Full-time professional trumpet player Josh Rzepka of the nationally touring group, Under the Streetlamp, triggers his Canon camera remotely using the Case Air Wireless Tethering System and his Samsung Galaxy phone to take action shots of the band during performances for social media. Josh says it’s a little bit of double duty to play trumpet and to get good shots, but he pulls it off.
How Josh Uses the Case Air
Josh says he takes a lot of live action shots of the band while they are playing from the stage. “I have my Canon 70D set up ahead of time somewhere in the theatre on a tripod, either with a wide-angle lens 18-35, 50mm, or my 70-200 and I plan a set of shots for each night,” explains Josh, “I’ll put the tripod in the back of the hall next to the soundboard, usually with the 70-200, sometimes a wide angle or on the side of the stage or up on one of the balconies, it really depends on the theatre. My tripod has worked well and has a good height range.”
Shooting Images from His Music Stand
While the Canon 70D has Wi-Fi built in, Josh says it is not nearly as powerful or consistent as the Case Air. “The range is particularly limited from the camera once you are in a big concert hall that’s filled with electronic equipment and potentially a thousand cell phones. The Canon built-in Wi-Fi also had a significant lag. Once I upgraded to the Case Air Wireless Tethering System it was night and day in allowing me to pick focus points and control the camera more effectively. The range is way better than the built-in Wi-Fi, and the Case Air Remote app rocks,” says Josh.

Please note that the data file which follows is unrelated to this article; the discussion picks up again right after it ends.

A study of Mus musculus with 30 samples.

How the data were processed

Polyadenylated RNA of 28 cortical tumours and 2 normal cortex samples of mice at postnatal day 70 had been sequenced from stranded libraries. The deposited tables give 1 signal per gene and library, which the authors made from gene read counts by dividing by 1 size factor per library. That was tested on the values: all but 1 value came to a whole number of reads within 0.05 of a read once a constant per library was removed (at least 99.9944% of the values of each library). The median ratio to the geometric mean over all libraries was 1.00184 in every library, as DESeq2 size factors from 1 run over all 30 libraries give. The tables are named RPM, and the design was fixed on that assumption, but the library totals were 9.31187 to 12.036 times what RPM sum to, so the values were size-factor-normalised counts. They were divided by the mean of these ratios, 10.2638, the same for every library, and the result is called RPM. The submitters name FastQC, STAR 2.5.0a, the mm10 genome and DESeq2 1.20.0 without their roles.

Amazingly, Josh is the full-time trumpet player in the group and he’s playing double duty during shows – rocking the trumpet and capturing shots. Josh explains, “While I’m on stage I have my Samsung Galaxy smartphone open on my music stand giving me a live view of what the camera is seeing through the Case Remote app. The audience has no clue I’m shooting photos. I’m generally triggering the photos manually, usually with the continuous shutter function, to get bursts of shots (lots of dancing and choreography, so it improves the odds I get the shot). On a rare occasion, I’ll set it up as a time-lapse function for hands-off continuous shooting.”
Capturing Video and Posting Images
One of the drawbacks of using his DSLR for video was the limited amounts of video that could be shot, around 30 minutes by Josh’s estimations for his 70D. “I couldn’t turn it on before the set and leave it run – I needed a camera operator. The Case Air gets around that, as I can turn the video on and off just for the spots and songs that I want.” Not only is Josh capturing images from the stage, he’s often posting them as well. “Sometimes I’ll take a shot using the Case Air and post a photo directly to Twitter right from the stage, usually I’ll edit them in Lightroom first. As a performer, it’s very important to be able to have new images and videos to post online, and the Case Air allows me to do that a lot easier without having a separate person there shooting or controlling the camera.”